The Unbroken (2012)


USA. 2012.


Director – Jason M. Murphy, Screenplay – Tony Giordano, Producers – Kenny Beaumont, Tony Giordano & Jason M. Murphy, Photography – Kenny Beaumont, Music – Cody James & Jaysen A. Lewis, Visual Effects – In the Dark Entertainment & Renner VFX, Production Design – Mabel Barba. Production Company – In the Dark Entertainment


Aurelia Rose (Sarah Campbell), Patrick Dennis Flanagan (Tommy), Daniel Baldwin (Bruce Middlebrooks), Warwick Davis (Psychic), Ryan Smith (Little Boy), Tracy Wiu (Vicki Davis), Diane W. Saunders (Mrs Parks), Tony Maywright (Trent), Margaret Appaloni (Mrs Stubbs)


Sarah Campbell moves into an apartment complex following her divorce. Immediately after she arrives, she keeps encountering a strange little boy and a laughing clown doll that continues to reappear no matter how many times she throws it out. She comes to the realisation that the apartment is haunted and that the ghost of the little boy is directing her to solve his murder.

Jason M. Murphy is a young, independent filmmaker based in Jacksonville, Florida. He had previously made Zombies! Zombies! Zombies! (2008). The Unbroken was his second film and next went onto make Robo-Dog (2015) and Monsters at Large (2017).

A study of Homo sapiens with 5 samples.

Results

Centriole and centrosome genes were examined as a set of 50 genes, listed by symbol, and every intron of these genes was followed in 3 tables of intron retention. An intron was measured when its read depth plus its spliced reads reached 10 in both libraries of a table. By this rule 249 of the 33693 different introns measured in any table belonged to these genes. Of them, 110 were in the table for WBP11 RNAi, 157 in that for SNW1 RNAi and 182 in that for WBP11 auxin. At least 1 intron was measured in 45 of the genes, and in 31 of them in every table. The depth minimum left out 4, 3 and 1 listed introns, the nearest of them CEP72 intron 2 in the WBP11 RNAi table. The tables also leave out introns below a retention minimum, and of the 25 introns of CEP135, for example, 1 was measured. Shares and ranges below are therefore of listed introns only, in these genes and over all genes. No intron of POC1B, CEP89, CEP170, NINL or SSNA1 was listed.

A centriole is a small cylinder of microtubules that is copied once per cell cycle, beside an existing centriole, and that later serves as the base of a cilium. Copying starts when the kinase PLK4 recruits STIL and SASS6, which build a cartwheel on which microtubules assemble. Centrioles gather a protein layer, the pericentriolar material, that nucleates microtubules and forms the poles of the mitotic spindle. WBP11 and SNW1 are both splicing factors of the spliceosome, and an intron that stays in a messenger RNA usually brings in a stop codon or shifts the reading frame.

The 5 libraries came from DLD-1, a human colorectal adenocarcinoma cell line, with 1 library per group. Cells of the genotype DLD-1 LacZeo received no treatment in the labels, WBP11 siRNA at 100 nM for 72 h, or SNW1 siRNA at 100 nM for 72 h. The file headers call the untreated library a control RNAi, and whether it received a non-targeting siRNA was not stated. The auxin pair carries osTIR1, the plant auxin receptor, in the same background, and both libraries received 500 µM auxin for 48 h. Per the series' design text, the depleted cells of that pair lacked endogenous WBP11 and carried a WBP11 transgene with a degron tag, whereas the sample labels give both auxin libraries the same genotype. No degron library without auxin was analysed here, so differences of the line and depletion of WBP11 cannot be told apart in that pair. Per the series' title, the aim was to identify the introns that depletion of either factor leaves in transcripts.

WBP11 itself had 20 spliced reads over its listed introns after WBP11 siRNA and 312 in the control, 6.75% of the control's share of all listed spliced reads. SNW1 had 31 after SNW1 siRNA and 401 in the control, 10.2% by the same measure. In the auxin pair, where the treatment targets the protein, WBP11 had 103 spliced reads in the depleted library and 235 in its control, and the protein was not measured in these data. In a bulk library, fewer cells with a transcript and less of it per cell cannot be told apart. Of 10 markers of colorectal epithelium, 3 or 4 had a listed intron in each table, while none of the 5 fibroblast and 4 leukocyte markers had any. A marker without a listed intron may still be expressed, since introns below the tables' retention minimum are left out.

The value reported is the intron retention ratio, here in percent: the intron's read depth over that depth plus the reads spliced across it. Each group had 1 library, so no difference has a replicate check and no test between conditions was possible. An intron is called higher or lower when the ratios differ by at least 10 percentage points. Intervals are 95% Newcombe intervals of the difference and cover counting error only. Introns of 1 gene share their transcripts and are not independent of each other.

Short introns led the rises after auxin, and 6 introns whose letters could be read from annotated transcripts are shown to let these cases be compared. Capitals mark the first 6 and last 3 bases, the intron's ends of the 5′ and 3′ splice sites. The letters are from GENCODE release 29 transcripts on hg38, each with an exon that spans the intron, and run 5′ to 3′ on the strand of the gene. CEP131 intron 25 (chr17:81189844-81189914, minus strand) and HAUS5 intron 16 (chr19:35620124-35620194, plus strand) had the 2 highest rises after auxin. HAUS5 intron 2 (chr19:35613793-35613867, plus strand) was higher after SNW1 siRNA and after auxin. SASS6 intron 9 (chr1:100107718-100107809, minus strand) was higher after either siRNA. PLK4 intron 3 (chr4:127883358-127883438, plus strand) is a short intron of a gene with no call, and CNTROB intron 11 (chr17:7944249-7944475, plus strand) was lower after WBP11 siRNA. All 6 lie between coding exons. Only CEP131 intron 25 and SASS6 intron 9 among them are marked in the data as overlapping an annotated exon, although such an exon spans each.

The Unbroken sets out to be a ghost story and follows a tried and true plotting formula for the genre. Jason M. Murphy at least tries to make the characters well rounded – Aurelia Rose and Patrick Dennis Flanagan create a good energy whenever they are together, even if neither are that great as actors, particularly he who is perpetually, even affectionately, hitting on her. The main problem as horror films go is that The Unbroken is slow and uneventful. The sole moment it perks up and sheds any blood is a completely unconvincing decapitation scene.

The other problem is one that many ghosts stories suffer from – and that is that the film starts out trying to spook us but as soon as the protagonists delve into who the ghost is the film becomes more of a mystery detective story and the spooky elements disappear as the ghost becomes friendly, even one who appears to be aiding them to solve its murder. There is also a left field twist ending where the dead person turns out not to be who we expect and the ghost is still looking on as a new tenant arrives at the apartment, which only leaves us wondering what the purpose of the murder mystery we were lead to uncover was as this makes most, if not all, of the directions the film has led us in to be false. Daniel Baldwin turns up to do about his 345th sweaty psycho role and is obvious from the moment we meet him.

The film even includes a blatant plug for Zombies! Zombies! Zombies! – at one point, Patrick Dennis Flanagan talks of his passion for horror and refers to a poster on the wall and says “This is a fine piece of cinema – very ahead of its time,” which would be mildly amusing if it were not Jason M. Murphy’s own film he was referring to.